Once a Week, Volumes 8-9

Bradbury and Evans, 1863
Page 420 - Venice Tasso's echoes are no more, And silent rows the songless gondolier; Her palaces are crumbling to the shore, And music meets not always now the ear: Those days are gone — but Beauty still is here. States fall, arts fade — but Nature doth not die, Nor yet forget how Venice once was dear, The pleasant place of all festivity, The revel of the earth, the masque of Italy!
Page 175 - There is a lesson in each flower, A story in each stream and bower ; On every herb on which you tread Are written words which, rightly read, Will lead you from earth's fragrant sod To hope, and holiness, and God.
Page 372 - Among his anecdotes of celebrated English oaks, we were surprised to find Mr. Loudon adopting (at least so we understand him) an apocryphal story about Herne's Oak, given in the lively pages of Mr. Jesse's Gleanings. That gentleman, if he had taken any trouble, might have ascertained that the tree in question was cut down one morning, by order of King George III., when in a state of great, but transient, excitement; the circumstance caused much regret and astonishment at the time, and was commented...
Page 23 - Tis not in battles that from youth we train The Governor who must be wise and good, And temper with the sternness of the brain Thoughts motherly, and meek as womanhood. Wisdom doth live with children round her knees : Books, leisure, perfect freedom, and the talk Man holds with week-day man in the hourly walk Of the mind's business : these are the degrees By which true Sway doth mount ; this is the stalk True Power doth grow on ; and her rights are these.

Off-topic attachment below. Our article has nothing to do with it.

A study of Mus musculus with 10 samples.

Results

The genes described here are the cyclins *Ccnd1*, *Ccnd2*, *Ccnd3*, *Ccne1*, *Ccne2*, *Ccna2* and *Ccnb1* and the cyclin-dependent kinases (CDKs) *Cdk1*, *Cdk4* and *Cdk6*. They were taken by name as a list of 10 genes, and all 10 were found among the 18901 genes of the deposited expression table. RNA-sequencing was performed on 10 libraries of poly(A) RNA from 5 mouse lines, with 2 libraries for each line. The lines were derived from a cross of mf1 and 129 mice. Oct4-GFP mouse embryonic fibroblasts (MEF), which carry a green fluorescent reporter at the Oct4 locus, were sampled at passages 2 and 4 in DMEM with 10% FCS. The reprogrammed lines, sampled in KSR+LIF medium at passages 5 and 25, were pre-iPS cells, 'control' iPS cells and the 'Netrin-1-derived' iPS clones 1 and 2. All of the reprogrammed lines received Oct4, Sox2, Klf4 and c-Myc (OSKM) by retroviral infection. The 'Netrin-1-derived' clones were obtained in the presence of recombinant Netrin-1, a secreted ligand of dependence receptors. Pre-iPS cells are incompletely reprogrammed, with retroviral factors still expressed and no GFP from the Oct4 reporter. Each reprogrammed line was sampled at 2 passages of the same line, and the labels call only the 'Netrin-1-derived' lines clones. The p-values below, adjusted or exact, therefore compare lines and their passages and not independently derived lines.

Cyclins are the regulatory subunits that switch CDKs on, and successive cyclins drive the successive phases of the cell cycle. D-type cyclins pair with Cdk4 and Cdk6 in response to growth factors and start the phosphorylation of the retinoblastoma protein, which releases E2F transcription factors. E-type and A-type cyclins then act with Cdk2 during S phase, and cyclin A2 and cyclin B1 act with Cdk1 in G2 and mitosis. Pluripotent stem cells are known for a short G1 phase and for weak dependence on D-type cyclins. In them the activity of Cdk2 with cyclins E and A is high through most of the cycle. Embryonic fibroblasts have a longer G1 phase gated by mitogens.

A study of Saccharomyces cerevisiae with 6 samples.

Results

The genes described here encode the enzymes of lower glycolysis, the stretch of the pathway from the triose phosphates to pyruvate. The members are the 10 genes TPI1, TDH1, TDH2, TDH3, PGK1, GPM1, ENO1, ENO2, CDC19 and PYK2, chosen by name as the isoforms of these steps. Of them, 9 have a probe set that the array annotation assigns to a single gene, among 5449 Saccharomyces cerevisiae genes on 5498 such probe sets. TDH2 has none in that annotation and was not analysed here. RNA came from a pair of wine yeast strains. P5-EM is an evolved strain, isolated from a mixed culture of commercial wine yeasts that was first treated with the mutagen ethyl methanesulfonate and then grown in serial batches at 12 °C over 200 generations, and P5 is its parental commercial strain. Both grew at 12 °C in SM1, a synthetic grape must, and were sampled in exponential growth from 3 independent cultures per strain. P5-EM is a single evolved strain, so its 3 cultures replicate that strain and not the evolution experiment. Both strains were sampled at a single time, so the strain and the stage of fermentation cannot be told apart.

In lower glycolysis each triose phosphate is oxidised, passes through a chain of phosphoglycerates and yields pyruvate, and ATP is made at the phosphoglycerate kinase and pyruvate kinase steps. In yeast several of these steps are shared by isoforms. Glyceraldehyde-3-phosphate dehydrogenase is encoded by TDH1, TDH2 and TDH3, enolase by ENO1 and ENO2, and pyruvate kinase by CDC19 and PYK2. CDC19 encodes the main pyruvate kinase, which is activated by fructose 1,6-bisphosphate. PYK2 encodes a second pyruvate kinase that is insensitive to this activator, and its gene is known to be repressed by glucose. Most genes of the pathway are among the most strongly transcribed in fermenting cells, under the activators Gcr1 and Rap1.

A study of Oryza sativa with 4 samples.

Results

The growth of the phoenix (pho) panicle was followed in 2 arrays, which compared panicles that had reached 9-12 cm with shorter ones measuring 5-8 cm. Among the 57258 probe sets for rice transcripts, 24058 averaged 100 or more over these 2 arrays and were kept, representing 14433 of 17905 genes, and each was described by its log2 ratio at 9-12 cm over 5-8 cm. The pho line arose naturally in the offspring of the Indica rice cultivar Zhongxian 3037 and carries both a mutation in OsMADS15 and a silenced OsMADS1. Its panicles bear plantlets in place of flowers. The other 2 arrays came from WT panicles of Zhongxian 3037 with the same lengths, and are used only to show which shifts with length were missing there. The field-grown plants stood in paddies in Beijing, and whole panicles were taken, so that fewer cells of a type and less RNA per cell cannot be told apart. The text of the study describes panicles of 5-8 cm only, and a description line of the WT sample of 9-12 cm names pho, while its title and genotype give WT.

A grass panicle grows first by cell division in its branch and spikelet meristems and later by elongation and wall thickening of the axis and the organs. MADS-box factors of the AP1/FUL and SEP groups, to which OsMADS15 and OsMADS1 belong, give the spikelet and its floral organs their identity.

Page 373 - There is an old tale goes, that Herne the hunter, Sometime a keeper here in Windsor forest, Doth all the winter time, at still midnight, Walk round about an oak, with great ragg'd horns ; And there he blasts the tree, and takes the cattle; And makes milch-kine yield blood, and shakes a chain In a most hideous and dreadful manner...
Page 63 - Had I but a commission in my pocket, I fancy my breeches would become me as well as any ranting fellow of 'em all, for I take a bold step, a rakish toss, a smart cock, and an impudent air to be the principal ingredients in the composition of a captain.
Page 68 - While the historian of the Irish stage contributes his testimony in her favour : " To her honour be it ever remembered, that, whilst in the zenith of her glory, courted and caressed by all ranks and degrees, it made no alteration in her behaviour ; she remained the same gay, affable, obliging, good-natured Woffington to every one around her.
Page 175 - Mistaken long, I sought you then In busy companies of men. Your sacred plants, if here below, Only among the plants will grow; Society is all but rude 15 To this delicious solitude. No white nor red was ever seen So amorous as this lovely green. Fond lovers, cruel as their flame, Cut in these trees their mistress
Page 52 - I have seen a substance excellently adapted to the purpose of wiping from paper the marks of a black lead pencil.